The Gardeners' Bothy at Calke Abbey
The Gardeners’ Bothy, once called the Gardener’s Building, was once the nerve centre of Calke’s 6-acre working garden. Among its many uses, the bothy has been used as a dormitory for unmarried gardeners, an office for the head gardener, and a storeroom for apples, pears, seeds and tools.
Peer into the past
Today, the bothy is one of Calke’s most distinctive garden buildings. Peer through the door and you’ll find old seed drawers, broken glass cloches, lots of pots and all manner of gardening equipment. It’s thought the walls were painted in a blue limewash to detract insects and pests – you’ll notice that the kitchens in the house also have the same blue limewash.
This area was the preserve of the gardeners and was probably never visited by the family or their guests. Garden business was run from here. You can see the head gardener’s office where wages would have been collected and the plans for the gardens created and stored.
An array of garden tools
Look closely in the bothy and you will see plenty of garden tools which are familiar to the modern-day gardener – but there are also plenty of unusual-looking contraptions!
Bell-shaped glass cloches were a feature of the time; see if you can spot them inside. In almost all cases the round glass carrying handle used to lift the cloche has been broken off. This damage has been done quite deliberately – it’s thought that the handles magnified the sun’s rays, causing scorching to surrounding plants or shrubbery, so the gardeners would knock them off to prevent damage to their plants.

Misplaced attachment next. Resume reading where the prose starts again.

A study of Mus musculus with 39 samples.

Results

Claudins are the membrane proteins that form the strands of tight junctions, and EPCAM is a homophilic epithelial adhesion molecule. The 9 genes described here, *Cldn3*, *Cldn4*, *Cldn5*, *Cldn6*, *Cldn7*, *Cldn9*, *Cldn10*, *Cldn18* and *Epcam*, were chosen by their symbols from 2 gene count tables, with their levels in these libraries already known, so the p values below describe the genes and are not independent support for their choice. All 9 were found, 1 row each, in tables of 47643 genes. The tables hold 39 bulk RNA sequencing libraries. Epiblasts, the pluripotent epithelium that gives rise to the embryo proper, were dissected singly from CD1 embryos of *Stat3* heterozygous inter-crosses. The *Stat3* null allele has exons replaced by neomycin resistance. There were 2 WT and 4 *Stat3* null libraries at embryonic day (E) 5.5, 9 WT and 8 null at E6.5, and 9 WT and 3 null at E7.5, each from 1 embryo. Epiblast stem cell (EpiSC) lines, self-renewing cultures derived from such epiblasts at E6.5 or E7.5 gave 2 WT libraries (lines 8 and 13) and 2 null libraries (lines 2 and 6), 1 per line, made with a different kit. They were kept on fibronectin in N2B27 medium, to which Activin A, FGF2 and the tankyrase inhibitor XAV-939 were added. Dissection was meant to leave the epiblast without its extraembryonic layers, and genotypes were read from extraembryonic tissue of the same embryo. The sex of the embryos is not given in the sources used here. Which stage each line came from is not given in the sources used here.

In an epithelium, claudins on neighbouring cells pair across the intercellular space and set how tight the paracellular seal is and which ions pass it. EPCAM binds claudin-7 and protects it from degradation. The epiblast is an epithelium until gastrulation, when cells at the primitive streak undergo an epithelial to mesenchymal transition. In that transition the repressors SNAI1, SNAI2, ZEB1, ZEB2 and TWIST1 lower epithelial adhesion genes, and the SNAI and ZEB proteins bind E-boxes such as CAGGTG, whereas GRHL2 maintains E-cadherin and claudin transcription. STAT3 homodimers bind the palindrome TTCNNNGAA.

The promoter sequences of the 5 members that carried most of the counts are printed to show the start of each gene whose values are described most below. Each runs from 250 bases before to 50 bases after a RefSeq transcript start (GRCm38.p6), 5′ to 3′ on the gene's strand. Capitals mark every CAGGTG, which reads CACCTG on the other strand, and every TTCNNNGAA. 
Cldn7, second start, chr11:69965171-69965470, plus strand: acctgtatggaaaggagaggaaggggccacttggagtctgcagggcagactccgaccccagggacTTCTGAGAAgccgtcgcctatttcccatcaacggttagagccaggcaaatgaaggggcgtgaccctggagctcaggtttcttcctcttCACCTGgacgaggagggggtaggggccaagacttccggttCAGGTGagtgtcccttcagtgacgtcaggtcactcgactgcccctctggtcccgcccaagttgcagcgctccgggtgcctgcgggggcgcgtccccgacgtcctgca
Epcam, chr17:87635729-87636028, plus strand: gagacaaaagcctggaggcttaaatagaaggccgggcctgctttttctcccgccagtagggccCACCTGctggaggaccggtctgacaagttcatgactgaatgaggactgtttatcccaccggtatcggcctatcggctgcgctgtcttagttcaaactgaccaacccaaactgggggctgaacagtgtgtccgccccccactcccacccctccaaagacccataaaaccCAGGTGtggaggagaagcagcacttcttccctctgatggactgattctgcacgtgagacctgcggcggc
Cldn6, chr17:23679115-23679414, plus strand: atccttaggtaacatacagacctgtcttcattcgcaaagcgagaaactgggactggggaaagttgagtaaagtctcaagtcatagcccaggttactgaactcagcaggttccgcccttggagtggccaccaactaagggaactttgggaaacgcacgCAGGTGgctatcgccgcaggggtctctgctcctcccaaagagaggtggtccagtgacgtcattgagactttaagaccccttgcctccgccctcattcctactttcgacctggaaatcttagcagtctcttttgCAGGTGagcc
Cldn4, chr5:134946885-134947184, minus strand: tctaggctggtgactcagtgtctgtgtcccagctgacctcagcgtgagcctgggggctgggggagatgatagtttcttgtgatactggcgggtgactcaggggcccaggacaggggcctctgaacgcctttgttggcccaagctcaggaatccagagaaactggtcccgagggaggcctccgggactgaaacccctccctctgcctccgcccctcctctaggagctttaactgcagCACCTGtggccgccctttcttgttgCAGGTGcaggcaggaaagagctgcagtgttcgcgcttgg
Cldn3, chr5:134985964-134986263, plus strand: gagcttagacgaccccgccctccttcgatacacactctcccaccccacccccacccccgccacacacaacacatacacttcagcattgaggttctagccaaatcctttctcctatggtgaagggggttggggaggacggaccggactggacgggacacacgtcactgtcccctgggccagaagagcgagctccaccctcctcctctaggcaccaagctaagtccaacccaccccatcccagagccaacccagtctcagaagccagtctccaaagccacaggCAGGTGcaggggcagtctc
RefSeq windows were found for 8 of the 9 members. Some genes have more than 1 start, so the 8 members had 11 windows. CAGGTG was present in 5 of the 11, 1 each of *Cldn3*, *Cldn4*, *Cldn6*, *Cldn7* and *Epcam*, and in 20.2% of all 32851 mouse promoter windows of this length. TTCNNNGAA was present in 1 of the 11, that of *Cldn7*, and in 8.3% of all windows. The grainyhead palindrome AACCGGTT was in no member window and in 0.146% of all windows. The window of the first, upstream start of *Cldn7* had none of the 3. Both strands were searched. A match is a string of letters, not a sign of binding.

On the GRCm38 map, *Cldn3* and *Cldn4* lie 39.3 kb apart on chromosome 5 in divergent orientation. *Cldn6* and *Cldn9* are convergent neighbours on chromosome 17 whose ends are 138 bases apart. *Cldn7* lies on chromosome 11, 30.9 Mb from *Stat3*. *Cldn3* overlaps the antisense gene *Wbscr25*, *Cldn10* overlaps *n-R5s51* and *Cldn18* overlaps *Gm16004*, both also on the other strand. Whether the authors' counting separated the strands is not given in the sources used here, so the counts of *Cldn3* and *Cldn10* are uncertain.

Central heating in the gardens
As you explore the garden, you’ll notice a network of pipes and various boilers. The purpose of these was to heat the different glass houses and buildings in the gardens. This allowed the gardens to produce fruits such as pineapples, grapes and tomatoes, and exotic plants like orchids.
The bothy had its own boiler to generate heat, an appliance known as a cockle stove, located in a building next to the bothy. The cockle stove is a very early hot air heating system, designed by local industrialist William Strutt in 1790 and installed at Calke in the 1820s. The cockle stove heated what is now the apple store, which suggests this room was perhaps used earlier to dry herbs.
Leaving their mark
Look closely at the stone windowsills on the outside the bothy. You’ll see that the sills have been gently worn, leaving what looks like scalloped edges on each sill. This is not wear and tear but where the gardeners would sharpen their tools against the sills. Years of sharpening have left their mark on the building.
When you step inside these historic gardens, it helps us to keep the gardens growing for generations to come. Thank you for your support.